Hard choices for hardworking families

30 Sep

George Osborne has used his speech at the Conservative Party Conference to solidify the position he outlined in the Budget: a position which takes income from the poorest families and protects pensioners, who have generally fared better in the climate of austerity. I’ve blogged about the difference in the impact of his policies on old and young before (here and here), and it is difficult to resist the conclusion that part of the motivation for relative generosity towards older people is voting behaviour. The older generation votes in larger numbers than young adults, and is also more likely to vote Conservative. In the light of Lord Ashcroft’s gloomy polling, perhaps Mr Osborne needs all the votes he can get.

He is freezing benefits that seem crucial to keeping the least well-off families afloat, including jobseeker’s allowance, tax credits, child benefit, income support, and the local housing allowance rates in housing benefit. Many of these benefits are vital supplements for low waged workers. Pensions, meanwhile, are left to rise in line with inflation.

Last week Ed Balls announced that Labour would cut child benefit in real terms by only allowing it to rise by 1% in the first two years of government, so perhaps we should not be surprised that George Osborne is showing that his austerity measures are tougher than theirs. On both sides of the political divide, less well-off families seem to have become the battle ground for effective defeat of the deficit. And the Conservatives made sure to underline the importance of that battle, after Ed Miliband’s unfortunate silence on the matter.

George Osborne’s move to squeeze the income of poor adults cannot but have consequences for children. If you are a single parent on minimum wage struggling to cope with in-work benefits as they are, the new regime looks harsh. The inclusion of an element of housing benefit in the freeze is concerning, as the difference between benefit levels and rents may increase, and there is little affordable housing on offer in the current market. If the government thinks housing benefit is expensive to support, has there been reflection on the individual and social costs of homelessness, which may increase, as people struggle to manage to pay their way under the freezes outlined today? The cost of living has not been frozen.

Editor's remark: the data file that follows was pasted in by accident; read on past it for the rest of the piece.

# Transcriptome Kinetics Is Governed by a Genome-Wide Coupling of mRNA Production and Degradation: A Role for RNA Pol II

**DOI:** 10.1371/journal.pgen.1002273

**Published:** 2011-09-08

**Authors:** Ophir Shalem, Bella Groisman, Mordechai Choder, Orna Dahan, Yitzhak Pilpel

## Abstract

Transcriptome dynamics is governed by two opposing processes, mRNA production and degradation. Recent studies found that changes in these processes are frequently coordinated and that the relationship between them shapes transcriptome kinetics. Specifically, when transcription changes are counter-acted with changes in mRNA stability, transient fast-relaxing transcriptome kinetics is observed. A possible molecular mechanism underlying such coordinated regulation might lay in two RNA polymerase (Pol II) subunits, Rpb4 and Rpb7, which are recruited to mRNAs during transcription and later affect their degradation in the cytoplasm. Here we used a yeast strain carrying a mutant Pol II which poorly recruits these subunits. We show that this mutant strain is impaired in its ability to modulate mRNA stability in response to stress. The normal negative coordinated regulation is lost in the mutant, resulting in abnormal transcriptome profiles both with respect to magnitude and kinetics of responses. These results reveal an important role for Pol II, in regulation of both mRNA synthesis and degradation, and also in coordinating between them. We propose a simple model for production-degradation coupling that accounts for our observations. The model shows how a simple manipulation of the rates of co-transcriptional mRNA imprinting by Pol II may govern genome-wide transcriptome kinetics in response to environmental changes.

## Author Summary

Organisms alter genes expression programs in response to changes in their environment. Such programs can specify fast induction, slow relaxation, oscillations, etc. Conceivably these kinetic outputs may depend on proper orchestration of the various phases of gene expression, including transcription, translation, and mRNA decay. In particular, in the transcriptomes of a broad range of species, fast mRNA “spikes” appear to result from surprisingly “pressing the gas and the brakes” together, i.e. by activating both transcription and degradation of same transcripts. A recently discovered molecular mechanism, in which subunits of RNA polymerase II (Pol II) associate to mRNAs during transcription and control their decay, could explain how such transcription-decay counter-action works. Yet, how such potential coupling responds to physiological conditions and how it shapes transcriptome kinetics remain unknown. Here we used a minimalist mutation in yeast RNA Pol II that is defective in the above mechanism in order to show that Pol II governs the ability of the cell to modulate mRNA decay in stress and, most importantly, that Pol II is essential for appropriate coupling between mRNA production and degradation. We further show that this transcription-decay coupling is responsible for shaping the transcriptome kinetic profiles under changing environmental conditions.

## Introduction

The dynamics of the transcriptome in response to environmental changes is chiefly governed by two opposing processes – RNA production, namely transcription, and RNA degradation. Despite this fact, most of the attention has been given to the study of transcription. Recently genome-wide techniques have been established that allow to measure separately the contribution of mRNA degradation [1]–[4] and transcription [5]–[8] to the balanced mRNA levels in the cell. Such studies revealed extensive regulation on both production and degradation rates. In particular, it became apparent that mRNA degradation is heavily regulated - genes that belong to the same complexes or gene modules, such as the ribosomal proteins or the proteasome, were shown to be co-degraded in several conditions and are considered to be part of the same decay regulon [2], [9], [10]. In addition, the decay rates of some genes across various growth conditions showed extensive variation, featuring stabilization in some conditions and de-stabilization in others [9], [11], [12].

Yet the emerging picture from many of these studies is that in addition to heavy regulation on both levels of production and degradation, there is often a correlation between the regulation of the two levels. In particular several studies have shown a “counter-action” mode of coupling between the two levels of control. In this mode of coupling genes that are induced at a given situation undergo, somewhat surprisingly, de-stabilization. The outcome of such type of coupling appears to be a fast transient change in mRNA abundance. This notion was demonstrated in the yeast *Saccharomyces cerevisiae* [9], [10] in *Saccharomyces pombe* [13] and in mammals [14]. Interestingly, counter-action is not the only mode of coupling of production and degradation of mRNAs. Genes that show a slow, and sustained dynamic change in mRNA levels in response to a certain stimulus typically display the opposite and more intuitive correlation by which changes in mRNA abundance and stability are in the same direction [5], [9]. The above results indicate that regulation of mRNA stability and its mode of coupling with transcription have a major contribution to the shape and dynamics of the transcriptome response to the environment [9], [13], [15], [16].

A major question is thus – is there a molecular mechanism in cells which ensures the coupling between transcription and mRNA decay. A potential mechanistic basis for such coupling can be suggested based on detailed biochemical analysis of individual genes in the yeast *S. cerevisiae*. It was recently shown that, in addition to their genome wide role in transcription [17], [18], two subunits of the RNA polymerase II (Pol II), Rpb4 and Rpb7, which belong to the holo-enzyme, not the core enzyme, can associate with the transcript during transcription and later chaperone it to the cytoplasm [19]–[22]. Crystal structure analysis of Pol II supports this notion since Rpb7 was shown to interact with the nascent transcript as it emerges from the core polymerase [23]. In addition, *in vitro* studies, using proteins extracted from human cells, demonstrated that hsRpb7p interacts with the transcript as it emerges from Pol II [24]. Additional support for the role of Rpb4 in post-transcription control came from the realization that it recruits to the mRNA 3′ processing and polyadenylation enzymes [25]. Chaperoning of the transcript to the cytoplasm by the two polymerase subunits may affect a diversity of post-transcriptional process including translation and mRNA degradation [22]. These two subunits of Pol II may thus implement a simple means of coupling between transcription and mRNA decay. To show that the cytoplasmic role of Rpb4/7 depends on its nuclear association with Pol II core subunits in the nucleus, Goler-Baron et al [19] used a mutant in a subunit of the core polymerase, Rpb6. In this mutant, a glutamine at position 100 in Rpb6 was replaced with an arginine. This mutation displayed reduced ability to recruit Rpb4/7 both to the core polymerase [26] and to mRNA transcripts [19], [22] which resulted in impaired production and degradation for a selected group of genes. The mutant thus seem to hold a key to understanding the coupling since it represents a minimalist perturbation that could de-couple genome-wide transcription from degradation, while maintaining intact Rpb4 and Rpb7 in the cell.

As women are more likely to be lone parents and/or low-paid workers, they are losers under these proposals. And women work more in the public sector and so are affected by the continuing pay freeze there. In single-earner families with two children, around £500 a year in child benefit and tax credit payments will be lost according to figures quoted in the Guardian. At the other end of the scale, the abolition of tax on inherited pensions will benefit the families of relatively rich men the most. The Conservatives’ ‘women problem’ is not helped by such measures, and neither are the life chances of children in less well-off families.

The justification for these benefit freezes is to ensure that benefits rise no more in value over time than working wages. The problem with this argument is that the difference between the two is substantially explained by wage stagnation in a fragile recovery, rather than any great largesse towards benefit claimants. A stronger economic recovery would help everyone more. The Prime Minister said today that we shouldn’t ask pensioners to bear the burden of reducing the deficit – why is it ok for children to bear the burden instead?